It’s been almost five years now since Scottish songstress Amy Macdonald released her UK top 5 album, Life in a Beautiful Light. That musical drought has now come to an end, however, as the singer-songwriter recently graced the world with a new collection of songs in the form of her fourth record, Under Stars.
The 11-track album kicks off with the anthemic ‘Dream On’, a boisterous number that struggles against the shackles of the verses to break free in the chorus. The uptempo song, which also acts as Under Stars‘ lead single, sets a high bar for the remainder of the album with its great energy and refreshing carefree attitude as Macdonald beams about being ‘on top of the world’. The infectious, animated quality of the track is a superb accompaniment to the backdrop of a full band, and is a perfect example of how the singer excels when she blends the genres of pop and rock into one eclectic mix.
If you had any doubts that Macdonald’s interests drifted outside of the mainstream, the song that follows immediately puts any such thoughts to bed. Title track ‘Under Stars’ blares out with a powerful rock-infused intro, led by the strums of an electric guitar, as her unique twang chants along towards the chorus. The result is a rousing build-up that almost plateaus when it hits the understated climax, something which works to the song’s favour as it works towards the end. A wonderful emotive quality truly shines through in her voice in the final chorus before the track drifts off to an unexpected and premature end.
The infusion of genres continues on tracks ‘The Rise & Fall’ and ‘The Contender’, although not quite to the same effect as the album’s opening numbers. These are some of Under Stars more forgettable moments, with ‘The Rise & Fall’ only really coming to fruition with its frantic chanting two thirds in that is then unnecessarily cut in half. By the time it feels as though the song has taken a hold of you, the final chords are played and the music falls away to silence.
Under Stars also has nods to folk-inspired music, particularly when it comes to songs like ‘Automatic’ and ‘Feed My Fire’. Macdonald’s voice, while original, would not sound out of place on a country album, and it’s in these moments where she changes the pace and turns the band down a notch that another side to her musical personality is revealed. The latter track in particular is fronted by an acoustic guitar that’s gradually joined by the rest of the band as the song progresses. While the vocals rise with great gusto during the heights of the chorus, the song ultimately comes full circle and closes in the same vein as it started – just her voice and a guitar.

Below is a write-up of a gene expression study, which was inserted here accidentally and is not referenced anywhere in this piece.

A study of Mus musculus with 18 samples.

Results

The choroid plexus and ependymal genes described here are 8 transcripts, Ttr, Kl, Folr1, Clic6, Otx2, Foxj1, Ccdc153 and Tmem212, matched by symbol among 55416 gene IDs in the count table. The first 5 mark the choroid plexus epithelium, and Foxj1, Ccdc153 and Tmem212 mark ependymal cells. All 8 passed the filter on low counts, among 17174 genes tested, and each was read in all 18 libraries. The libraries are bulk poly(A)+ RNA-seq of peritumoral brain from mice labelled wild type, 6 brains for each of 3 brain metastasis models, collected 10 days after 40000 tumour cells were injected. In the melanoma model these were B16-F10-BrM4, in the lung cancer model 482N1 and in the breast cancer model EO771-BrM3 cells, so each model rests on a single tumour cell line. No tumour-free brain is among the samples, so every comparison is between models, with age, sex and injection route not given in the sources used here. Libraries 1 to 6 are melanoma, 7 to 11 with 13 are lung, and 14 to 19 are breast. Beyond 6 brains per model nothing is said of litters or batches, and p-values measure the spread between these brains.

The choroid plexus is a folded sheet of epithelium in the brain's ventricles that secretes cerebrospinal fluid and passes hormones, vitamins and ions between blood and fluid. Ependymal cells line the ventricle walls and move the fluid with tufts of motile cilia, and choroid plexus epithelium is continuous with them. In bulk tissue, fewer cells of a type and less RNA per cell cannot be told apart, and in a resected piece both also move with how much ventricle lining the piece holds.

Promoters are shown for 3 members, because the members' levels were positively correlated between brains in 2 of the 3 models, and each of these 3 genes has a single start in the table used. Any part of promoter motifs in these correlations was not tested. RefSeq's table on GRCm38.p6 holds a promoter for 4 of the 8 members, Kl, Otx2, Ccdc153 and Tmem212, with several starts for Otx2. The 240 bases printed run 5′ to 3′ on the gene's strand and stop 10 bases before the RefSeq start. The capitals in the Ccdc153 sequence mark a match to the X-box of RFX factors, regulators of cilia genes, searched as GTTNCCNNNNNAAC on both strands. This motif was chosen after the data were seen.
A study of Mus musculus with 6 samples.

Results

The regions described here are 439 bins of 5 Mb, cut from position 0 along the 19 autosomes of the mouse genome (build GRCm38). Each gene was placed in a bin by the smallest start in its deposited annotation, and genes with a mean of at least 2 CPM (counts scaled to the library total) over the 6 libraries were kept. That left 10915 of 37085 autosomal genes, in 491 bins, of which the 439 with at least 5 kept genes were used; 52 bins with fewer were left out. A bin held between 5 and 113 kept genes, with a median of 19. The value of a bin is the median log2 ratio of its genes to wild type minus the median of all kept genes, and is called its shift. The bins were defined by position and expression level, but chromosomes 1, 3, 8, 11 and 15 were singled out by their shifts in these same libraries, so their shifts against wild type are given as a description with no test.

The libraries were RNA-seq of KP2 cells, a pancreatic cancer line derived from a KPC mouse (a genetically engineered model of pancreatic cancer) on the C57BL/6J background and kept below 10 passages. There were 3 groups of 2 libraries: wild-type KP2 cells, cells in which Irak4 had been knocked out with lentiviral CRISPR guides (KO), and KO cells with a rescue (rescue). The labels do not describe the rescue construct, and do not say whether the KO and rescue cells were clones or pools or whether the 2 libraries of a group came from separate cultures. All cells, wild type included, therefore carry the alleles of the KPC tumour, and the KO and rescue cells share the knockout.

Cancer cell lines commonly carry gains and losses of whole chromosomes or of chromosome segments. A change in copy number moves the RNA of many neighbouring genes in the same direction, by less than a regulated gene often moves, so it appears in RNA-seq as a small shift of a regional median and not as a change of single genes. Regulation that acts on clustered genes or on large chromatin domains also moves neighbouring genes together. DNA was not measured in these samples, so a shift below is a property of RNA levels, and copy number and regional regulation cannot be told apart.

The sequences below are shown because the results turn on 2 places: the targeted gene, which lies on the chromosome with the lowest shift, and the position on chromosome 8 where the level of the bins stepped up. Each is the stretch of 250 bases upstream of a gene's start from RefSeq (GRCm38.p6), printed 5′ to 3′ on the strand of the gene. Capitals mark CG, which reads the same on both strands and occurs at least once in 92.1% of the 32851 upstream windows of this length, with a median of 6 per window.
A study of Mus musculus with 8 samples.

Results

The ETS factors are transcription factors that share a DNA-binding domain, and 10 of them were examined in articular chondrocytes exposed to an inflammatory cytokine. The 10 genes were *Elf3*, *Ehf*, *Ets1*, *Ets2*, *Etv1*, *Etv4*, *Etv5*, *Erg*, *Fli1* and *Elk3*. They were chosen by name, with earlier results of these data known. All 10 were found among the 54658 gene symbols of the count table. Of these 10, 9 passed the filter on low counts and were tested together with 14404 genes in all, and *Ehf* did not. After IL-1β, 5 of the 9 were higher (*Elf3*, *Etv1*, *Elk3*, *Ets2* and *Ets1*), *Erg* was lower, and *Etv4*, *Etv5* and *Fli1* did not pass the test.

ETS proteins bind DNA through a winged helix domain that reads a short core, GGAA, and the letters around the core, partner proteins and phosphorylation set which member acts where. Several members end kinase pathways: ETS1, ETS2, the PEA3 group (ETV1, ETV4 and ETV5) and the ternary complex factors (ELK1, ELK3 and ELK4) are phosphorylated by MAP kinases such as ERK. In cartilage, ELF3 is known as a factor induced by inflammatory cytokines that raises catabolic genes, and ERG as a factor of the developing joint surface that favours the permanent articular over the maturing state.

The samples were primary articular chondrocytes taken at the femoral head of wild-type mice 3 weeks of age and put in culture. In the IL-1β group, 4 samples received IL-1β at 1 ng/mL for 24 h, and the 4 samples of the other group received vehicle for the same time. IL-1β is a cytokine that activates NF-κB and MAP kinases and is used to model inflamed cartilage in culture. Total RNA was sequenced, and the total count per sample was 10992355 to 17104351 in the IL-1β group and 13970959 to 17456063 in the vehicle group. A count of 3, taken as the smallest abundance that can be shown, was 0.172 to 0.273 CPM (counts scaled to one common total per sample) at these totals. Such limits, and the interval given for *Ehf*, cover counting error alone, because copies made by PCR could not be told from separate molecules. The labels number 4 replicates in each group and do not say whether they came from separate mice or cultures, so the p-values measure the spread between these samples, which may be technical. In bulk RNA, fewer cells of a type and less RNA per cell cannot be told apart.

Although the album is not overwhelmed with down-tempo number, Under Stars does take things a little slower with tracks ‘Down By The Water’ and ‘Never Too Late’. The former is a chilled number that continues the nod to folk music, complete with a booming chorus that feels like a group unified around a campfire. The latter song, on the other hand, takes on the more traditional form of a ballad with its emotive vocal performance and incorporation of a piano and strings to deliver the music. The song’s standing as the sole ballad on the album makes its inclusion all the more poignant, particularly when the lyrics are taken into account. Its empowering message is extraordinarily simple and conveyed so beautifully that it’s easy to become lost in the emotion of the song. This is the closest the album comes to being a tear-jerker.
This is not the only standout moment from the album though, with ‘Leap of Faith’ and ‘Prepare to Fall’ equally holding their ground alongside it as highlights. The clap-happy ‘Leap of Faith’ is a fast-paced jaunt that never puts a foot wrong, despite the eagerness with which it rushes through the song. It’s frantic rhythm never allows for a moment’s rest, giving the album (and its listener) a burst of energy that is more natural than the EDM-infused music of the charts can ever create. ‘Prepare to Fall’ is more willing to take its time, something that works to the song’s advantage. As Macdonald’s voice builds, it eventually stretches out into an intense instrumental section that gives the song a wonderful new layer of depth. It precedes another slow-burner – ‘From The Ashes’ – an enchanting final number that starts off quiet and mystical before growing with impressive power. As the title suggests, it rises like a phoenix from the ashes and soars high, closing off the album with both strength and grace.
Ultimately, Amy Macdonald’s decision to spend more time working on this album has paid off. It boasts a mixture of genres that work repeatedly to show off not only the singer’s gorgeous voice, but also her strong artistry and capabilities as a lyricist. Although she may no longer light up the singles charts like she did when ‘This Is the Life’ became a hit all over Europe a decade ago, near enough every track on her fourth album is a surefire hit in its own right. Some people just have a gift and Under Stars proves that this little singer-songwriter from Scotland has got it.